EEOC Sues Black Forest Décor for Disability Discrimination

Home Décor Business Fired Warehouse Employee for Taking Unpaid Leave It Forced Her to Use, Federal Agency Charges

LOUIS - Black Forest Décor, LLC violated federal law when it forced a worker with a disability at its Enid, Okla., warehouse to take unpaid leave, despite her ability and willingness to work, and then fired her for exercising the very leave it forced her to take, the U.S. Equal Employment Opportunity Commission (EEOC) charged in a lawsuit filed today.

According to the suit, Barbara Berry put Black Forest on notice in February 2018 that she had a medical condition that was likely to require surgery in the coming month, but that her doctor had released her to work until her surgery. In response, Black Forest informed Berry that she was being placed on unpaid leave until her surgery because the company said it was afraid it would be liable if anything happened to Berry while working. Although Berry kept Black Forest updated with details about her surgery, the company didn't contact her again until three weeks later when it sent her a letter stating she was being fired for "excessive absences," the EEOC charged.

Such alleged conduct violates the Americans with Disabilities Act (ADA). The EEOC filed its lawsuit in U.S. District Court for the Western District of Oklahoma (EEOC v. Black Forest Décor LLC, Civil Case No. 5:19-cv-00894) after first attempting to reach a pre-litigation settlement through its conciliation process. The agency seeks back pay, compensatory and punitive damages and reinstatement or front pay for Berry, as well as injunctive relief, including a court order prohibiting Black Forest from any further discrimination against employees because of their disability.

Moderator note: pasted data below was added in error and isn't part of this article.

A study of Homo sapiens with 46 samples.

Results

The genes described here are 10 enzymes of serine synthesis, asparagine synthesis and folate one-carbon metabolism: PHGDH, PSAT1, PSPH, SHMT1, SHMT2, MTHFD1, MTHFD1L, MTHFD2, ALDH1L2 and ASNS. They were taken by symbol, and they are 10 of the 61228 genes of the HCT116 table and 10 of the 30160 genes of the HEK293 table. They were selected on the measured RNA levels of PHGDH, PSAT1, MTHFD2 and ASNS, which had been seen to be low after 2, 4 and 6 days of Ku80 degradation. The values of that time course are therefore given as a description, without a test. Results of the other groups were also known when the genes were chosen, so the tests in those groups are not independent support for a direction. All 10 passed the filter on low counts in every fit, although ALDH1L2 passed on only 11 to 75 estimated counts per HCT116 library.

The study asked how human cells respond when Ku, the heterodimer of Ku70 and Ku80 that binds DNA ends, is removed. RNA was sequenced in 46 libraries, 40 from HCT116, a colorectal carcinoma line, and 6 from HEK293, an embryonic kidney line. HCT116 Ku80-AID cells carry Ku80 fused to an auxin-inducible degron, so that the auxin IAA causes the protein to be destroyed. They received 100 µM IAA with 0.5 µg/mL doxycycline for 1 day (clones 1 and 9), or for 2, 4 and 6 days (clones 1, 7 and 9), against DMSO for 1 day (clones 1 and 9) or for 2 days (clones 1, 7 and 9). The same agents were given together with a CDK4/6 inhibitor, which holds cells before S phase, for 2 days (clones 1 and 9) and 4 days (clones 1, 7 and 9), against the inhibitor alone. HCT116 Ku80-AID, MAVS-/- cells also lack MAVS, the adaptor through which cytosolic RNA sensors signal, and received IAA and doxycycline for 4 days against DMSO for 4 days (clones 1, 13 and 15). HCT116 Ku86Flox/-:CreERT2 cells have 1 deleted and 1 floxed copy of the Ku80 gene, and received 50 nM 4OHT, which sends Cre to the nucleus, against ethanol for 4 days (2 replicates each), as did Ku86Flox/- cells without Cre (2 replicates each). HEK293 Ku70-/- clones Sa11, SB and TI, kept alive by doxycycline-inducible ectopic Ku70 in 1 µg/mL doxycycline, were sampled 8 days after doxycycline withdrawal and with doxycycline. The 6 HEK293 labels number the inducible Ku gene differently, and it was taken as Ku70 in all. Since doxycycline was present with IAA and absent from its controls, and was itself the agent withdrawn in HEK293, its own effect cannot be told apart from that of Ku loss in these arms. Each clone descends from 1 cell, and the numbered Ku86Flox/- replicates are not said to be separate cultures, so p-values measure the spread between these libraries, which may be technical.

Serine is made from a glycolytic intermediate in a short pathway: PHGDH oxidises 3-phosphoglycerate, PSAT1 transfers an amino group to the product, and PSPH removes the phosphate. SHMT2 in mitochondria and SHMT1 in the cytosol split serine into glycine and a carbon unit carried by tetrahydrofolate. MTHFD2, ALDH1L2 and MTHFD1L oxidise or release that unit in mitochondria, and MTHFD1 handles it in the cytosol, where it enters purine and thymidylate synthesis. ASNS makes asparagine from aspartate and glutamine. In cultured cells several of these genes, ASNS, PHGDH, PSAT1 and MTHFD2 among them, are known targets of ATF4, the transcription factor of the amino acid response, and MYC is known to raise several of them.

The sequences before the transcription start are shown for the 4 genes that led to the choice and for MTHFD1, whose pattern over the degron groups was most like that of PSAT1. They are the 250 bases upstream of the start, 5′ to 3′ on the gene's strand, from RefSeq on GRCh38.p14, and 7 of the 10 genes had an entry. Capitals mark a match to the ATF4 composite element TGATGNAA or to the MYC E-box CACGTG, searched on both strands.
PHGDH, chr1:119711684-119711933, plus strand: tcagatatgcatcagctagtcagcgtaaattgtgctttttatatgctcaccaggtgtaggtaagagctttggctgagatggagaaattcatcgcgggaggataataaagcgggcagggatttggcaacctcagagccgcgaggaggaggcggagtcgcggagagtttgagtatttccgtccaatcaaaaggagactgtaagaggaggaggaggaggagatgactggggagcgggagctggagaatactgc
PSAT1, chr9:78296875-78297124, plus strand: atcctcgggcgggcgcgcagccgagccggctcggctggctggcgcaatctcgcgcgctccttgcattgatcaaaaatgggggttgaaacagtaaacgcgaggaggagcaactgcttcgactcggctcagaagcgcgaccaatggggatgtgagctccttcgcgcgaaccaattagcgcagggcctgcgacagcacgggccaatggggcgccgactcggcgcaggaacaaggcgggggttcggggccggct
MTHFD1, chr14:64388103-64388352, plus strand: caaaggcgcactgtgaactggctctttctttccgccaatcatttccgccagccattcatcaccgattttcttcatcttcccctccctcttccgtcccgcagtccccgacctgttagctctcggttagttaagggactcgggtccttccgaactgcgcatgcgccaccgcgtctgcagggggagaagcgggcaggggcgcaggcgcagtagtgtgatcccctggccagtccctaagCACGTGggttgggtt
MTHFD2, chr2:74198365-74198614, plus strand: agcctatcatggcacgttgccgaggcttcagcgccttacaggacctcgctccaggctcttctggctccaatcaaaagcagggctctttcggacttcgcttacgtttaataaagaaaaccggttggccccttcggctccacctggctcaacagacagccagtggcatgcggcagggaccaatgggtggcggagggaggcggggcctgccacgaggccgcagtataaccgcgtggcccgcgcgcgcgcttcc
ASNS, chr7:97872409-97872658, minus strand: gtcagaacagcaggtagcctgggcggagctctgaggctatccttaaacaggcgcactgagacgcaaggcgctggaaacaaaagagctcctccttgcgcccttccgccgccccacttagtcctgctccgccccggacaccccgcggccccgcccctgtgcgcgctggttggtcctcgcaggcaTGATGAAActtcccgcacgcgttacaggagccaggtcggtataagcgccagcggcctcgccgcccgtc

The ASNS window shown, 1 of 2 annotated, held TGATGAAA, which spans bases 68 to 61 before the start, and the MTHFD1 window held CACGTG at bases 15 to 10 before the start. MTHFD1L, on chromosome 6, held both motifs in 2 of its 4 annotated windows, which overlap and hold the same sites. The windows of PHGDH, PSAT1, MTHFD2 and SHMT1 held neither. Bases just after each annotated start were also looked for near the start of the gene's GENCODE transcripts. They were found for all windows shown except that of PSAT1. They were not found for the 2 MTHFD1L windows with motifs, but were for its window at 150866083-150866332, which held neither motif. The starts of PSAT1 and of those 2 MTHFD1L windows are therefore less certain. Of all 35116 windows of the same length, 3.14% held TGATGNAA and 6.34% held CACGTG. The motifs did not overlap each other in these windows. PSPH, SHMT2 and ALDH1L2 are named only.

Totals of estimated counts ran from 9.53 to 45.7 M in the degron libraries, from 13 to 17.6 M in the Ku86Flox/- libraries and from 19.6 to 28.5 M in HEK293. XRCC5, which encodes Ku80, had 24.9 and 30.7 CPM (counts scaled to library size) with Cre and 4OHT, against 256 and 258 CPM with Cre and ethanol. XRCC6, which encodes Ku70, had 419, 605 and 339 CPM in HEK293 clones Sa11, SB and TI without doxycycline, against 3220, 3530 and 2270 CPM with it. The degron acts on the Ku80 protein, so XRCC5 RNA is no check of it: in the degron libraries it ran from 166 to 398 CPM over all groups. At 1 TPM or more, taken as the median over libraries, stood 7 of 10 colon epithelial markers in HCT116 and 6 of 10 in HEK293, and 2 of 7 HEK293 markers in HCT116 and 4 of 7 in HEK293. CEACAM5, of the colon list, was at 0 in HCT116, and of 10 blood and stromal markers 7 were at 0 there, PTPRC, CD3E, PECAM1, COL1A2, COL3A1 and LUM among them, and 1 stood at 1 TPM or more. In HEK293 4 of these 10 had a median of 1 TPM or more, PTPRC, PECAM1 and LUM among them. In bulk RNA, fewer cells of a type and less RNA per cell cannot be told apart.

"The ADA has long prohibited employers from discriminating against workers with disabilities," said Andrea G. Baran, the EEOC's regional attorney in St. Louis. "Many workers are entitled to the ADA's protections even when they are fully able to work. Employers cannot rely on their own assumptions and biases when deciding how to treat employees in these situations."

Jack Vasquez, Jr., director of the EEOC's St. Louis District Office, added, "Firing a person who has a disability is not only unlawful, it's bad business. We encourage workers who encounter discrimination because of disability to report that information to the EEOC."

The EEOC's St. Louis District Office oversees Missouri, Kansas, Nebraska, Oklahoma and a portion of southern Illinois.

The EEOC advances opportunity in the workplace by enforcing federal laws prohibiting employment discrimination. More information is available at Stay connected with the latest EEOC news by subscribing to our email updates.